If you can't predict, you have to prioritize-thoughtfully: What your real estate investments need now
Is your real-estate crystal ball looking a little cloudy these days? Trying to predict the future of markets these days is tricky—especially with a new President, a mature stage real estate cycle and global low-growth and -yield environments.
As we get into 2017, caution and guarded optimism are some common views of the commercial real estate industry. Much like 2016, this year will have the majority of investors with more capital to provide than opportunities. While still robust compared to historical norms, overall allocations and transaction volumes will likely continue to be less (than the peak of 2015).
The strong discipline from both the debt and equity community have not only created a healthy market related to supply and demand balances, but also may signal an underlying reason for an extended solid real estate climate for the next few years.
Even with the positive aspects of this investor discipline, most see the markets maturing and, as a result, are pulling back substantially on forward rent-growth assumptions. This ultimately translates to dampening asset appreciation, making valuations harder to justify and support in many top markets across the country, especially in CORE asset types.
While total investor yield expectations have not changed much materially, there’s been a reduction in capital appreciation as a component of IRR—putting pressure on generating stronger cash flows to meet and maintain yield goals. With a slowdown in transaction volumes, more property owners will focus on asset management skills and strengths to support yield and asset valuations, as well as increase value-add acquisitions and recapitalizations.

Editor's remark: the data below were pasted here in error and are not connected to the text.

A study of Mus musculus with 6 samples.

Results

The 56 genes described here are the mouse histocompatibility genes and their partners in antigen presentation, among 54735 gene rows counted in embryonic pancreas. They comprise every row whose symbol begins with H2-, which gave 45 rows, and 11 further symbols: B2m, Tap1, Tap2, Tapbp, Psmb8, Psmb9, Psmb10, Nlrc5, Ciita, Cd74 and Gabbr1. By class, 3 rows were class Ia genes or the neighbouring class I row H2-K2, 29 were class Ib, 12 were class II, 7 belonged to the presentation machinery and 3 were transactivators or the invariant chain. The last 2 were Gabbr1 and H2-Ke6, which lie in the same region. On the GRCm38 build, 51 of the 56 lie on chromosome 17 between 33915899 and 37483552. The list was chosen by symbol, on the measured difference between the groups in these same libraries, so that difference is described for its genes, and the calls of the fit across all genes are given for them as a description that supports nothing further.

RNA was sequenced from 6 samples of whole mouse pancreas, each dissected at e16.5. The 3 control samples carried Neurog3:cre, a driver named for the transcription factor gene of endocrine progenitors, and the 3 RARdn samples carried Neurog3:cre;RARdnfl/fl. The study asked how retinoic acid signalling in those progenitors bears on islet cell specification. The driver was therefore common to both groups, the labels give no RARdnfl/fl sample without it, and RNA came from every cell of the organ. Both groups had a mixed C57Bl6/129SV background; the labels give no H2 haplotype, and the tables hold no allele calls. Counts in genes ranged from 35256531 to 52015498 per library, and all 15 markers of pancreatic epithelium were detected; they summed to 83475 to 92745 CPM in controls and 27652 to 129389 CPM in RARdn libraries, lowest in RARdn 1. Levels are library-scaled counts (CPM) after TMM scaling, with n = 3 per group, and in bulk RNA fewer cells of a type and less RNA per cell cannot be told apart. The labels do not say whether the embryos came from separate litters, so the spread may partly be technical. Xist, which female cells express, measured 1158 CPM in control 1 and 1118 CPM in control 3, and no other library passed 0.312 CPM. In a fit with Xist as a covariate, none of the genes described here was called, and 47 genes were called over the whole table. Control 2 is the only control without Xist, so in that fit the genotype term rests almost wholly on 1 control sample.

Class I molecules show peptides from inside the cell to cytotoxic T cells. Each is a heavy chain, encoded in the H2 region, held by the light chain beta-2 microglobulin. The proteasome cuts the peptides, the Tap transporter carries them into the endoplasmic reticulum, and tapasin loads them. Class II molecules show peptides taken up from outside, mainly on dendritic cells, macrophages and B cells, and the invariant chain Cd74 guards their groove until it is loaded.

Capital decisions more important than ever
While capital flows and market cycles will always be variable and evolving, the buildings that are the underlying investments react to elements, wear and tear and obsolescence, regardless of the capital stack. Despite any surplus of capital, at current yields, it is a precious commodity once invested. How and where it gets spent on an asset are important decisions that can be complex to prioritize. If there is a higher requirement of cash flow for return, how you’re using your cash becomes paramount.
These are the tough decisions that we at Marx|Okubo help our clients evaluate constantly, as we holistically determine, among a wide range of areas, where they can or should allocate capital. A few examples we consider are: improvements to base building infrastructure, mechanical, equipment or building envelope; enhancements to meet sustainability objectives; and, ultimately, how these interconnected decisions may impact each other. By leveraging our experience on all asset types and looking at the big picture, we have found it becomes more apparent what the benefits of improvements vs. solving needs are, and we help prioritize for the wisest spends and biggest returns.
In a slowing market—it’s possible to get the returns you want, but the way you get it may need to shift. Predictions are never easy, but it’s important to realize there is still a solid market with a lot of opportunities to improve and achieve yield with thoughtful capital decisions and optimizing the value-add of your investments.